Lisa Lindley, Ph.D., RN, FPCN, FAAN Principal Investigator and Nightingale Endowed Faculty Fellow, is an Associate Professor in the College of Nursing at the University of Tennessee, Knoxville. Dr. Lindley is a child health services and policy researchers. Her research focuses on health care delivery systems and policy interventions that promote consistent, continuous, and coordinated end-of-life care for children with serious illness and their families. Dr. Lindley has expertise in advanced statistical techniques, data management, and claims-based data.

Pamela S. Hinds, Ph.D., RN, FAAN, Director, Nursing Research and Quality Outcomes, The Children’s Research Institute, Children’s National. Dr. Hinds is currently the Director of the Department of Nursing Research and Quality Outcomes and Associate Director of the Center for Clinical Translational Science at Children’s National Medical Center in Washington, D.C., and a Professor of Pediatrics at the George Washington University in Washington, D. C. She is an adjunct professor for the University of Pennsylvania, School of Nursing, Johns Hopkins University, School of Nursing, and the University of Maryland, College of Nursing.

Jennifer W. Mack, MD, MP, Associate Chief, Population Sciences for Pediatric Hematology/Oncology, Senior Physician, and Associate Professor in Pediatrics, Harvard Medical School; Dana Farber Cancer Institute. Dr. Mack received her medical degree from Harvard Medical School in 1998. She subsequently completed her residency in Pediatrics and her fellowship in Pediatric Hematology Oncology and Pediatric Palliative Care at Children’s Hospital Boston and Dana-Farber Cancer Institute. In 2005, Dr. Mack received a master’s in Public Health from the Harvard School of Public Health. She is an attending physician in the Jimmy Fund Clinic and at Children’s Hospital Boston. Her research interests are in parent-physician and patient-physician communication, health care quality, and palliative care.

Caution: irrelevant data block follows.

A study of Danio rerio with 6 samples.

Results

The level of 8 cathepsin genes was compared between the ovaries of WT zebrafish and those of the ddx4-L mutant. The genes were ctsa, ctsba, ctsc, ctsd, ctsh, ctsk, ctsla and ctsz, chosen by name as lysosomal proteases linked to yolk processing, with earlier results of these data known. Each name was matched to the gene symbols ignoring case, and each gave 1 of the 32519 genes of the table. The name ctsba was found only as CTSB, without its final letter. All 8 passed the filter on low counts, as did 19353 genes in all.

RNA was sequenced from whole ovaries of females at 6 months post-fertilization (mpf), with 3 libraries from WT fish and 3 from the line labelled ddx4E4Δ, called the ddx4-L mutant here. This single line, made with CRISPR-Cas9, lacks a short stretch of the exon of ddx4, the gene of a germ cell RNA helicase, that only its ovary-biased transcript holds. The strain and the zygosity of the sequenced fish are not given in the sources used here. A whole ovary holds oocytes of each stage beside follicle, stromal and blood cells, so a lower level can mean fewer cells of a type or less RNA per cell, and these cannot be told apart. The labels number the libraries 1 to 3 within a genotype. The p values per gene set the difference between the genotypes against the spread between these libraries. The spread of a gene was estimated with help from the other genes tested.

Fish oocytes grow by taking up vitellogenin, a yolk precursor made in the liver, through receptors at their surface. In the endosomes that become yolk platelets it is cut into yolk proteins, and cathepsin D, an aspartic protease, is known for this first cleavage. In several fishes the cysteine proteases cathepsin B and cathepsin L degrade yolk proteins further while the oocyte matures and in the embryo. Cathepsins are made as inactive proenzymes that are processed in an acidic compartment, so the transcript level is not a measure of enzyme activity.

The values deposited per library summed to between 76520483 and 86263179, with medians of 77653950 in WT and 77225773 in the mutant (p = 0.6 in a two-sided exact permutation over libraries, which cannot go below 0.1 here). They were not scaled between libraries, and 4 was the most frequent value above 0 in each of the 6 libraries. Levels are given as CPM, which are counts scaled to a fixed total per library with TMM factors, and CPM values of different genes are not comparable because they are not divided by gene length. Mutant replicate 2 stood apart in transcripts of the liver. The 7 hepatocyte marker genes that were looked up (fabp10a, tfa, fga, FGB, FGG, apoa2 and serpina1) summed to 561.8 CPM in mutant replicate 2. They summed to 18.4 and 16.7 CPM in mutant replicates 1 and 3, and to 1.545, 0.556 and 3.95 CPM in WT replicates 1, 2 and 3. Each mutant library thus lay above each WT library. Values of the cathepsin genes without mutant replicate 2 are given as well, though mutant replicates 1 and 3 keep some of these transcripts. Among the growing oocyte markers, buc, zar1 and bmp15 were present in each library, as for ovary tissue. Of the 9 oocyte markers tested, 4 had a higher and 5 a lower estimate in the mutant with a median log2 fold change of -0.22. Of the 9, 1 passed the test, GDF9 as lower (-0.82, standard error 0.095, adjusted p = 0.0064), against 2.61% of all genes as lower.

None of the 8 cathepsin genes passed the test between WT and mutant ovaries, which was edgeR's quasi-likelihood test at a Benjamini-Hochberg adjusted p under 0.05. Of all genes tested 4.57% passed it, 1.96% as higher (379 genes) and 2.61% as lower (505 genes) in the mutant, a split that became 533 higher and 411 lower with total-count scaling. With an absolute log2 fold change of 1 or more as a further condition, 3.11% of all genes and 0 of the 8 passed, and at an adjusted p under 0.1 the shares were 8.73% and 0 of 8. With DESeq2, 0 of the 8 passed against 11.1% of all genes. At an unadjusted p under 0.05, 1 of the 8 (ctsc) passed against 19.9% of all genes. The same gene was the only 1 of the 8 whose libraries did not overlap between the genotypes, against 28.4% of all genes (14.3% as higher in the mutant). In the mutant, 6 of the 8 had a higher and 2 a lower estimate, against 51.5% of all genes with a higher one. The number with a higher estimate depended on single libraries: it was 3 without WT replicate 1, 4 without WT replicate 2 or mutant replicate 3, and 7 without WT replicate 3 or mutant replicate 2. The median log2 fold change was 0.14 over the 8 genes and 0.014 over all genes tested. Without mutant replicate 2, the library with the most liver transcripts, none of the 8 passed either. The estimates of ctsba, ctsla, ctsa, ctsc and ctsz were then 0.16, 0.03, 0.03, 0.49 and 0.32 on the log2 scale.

Jessica Keim-Malpass, Ph.D., RN,  Associate Professor of Nursing, Associate Professor of Pediatrics, School of Medicine Translational Health Research Institute, University of Virginia. She is a translational nurse scientist that works at the intersection of biotechnology and family-centered approaches within the domains of predictive analytics, innovative nurse-driven models of care, and health/regulatory policy. Dr. Keim-Malpass has been supported through several grant mechanisms to answer these questions and most recently as a Translational Health Institute of Virginia (THRIV) Scholar, and NIH R21.

Melanie Cozad, Ph.D. Assistant Professor, Health Services Policy and Management, Arnold School of Public Health, University of South Carolina. Melanie Cozad (Ph.D., University of Tennessee) joined Furman in 2012. She received her Bachelor of Science degree in economics at the United States Naval Academy with honors and distinction (2002), an MBA from Cameron University in Lawton, Oklahoma (2007), and an MA and PhD in economics from the University of Tennessee-Knoxville (2010, 2012). She served as an Officer in the United States Marine Corps from May 2002-June 2007. Her research focuses on quantifying the behavioral responses of individuals, firms, and states to health and environmental policies.

Radion Svynarenko, Ph.D., Postdoctoral Fellow, UT College of Nursing, Knoxville, Tennessee. Dr. Svynarenko has a Ph.D. in Family Sciences, University of Kentucky, and a Ph.D. in Psychology, V.N. Karazin Kharkiv National University, Ukraine. His interests combine both research and data analysis in Family Sciences. Dr. Svynarenko has been an investigator and principal investigator in research, managing and analyzing Big Data sets, publishing in peer reviewed journals, and teaching Family Sciences classes.

Theresa Profant, Research Project Manager, has a passion for policy research and healthcare systems. With more than a decade of experience in health education, clinical research and grants administration, she brings her expertise to facilitate the sustainability and impact of nursing research.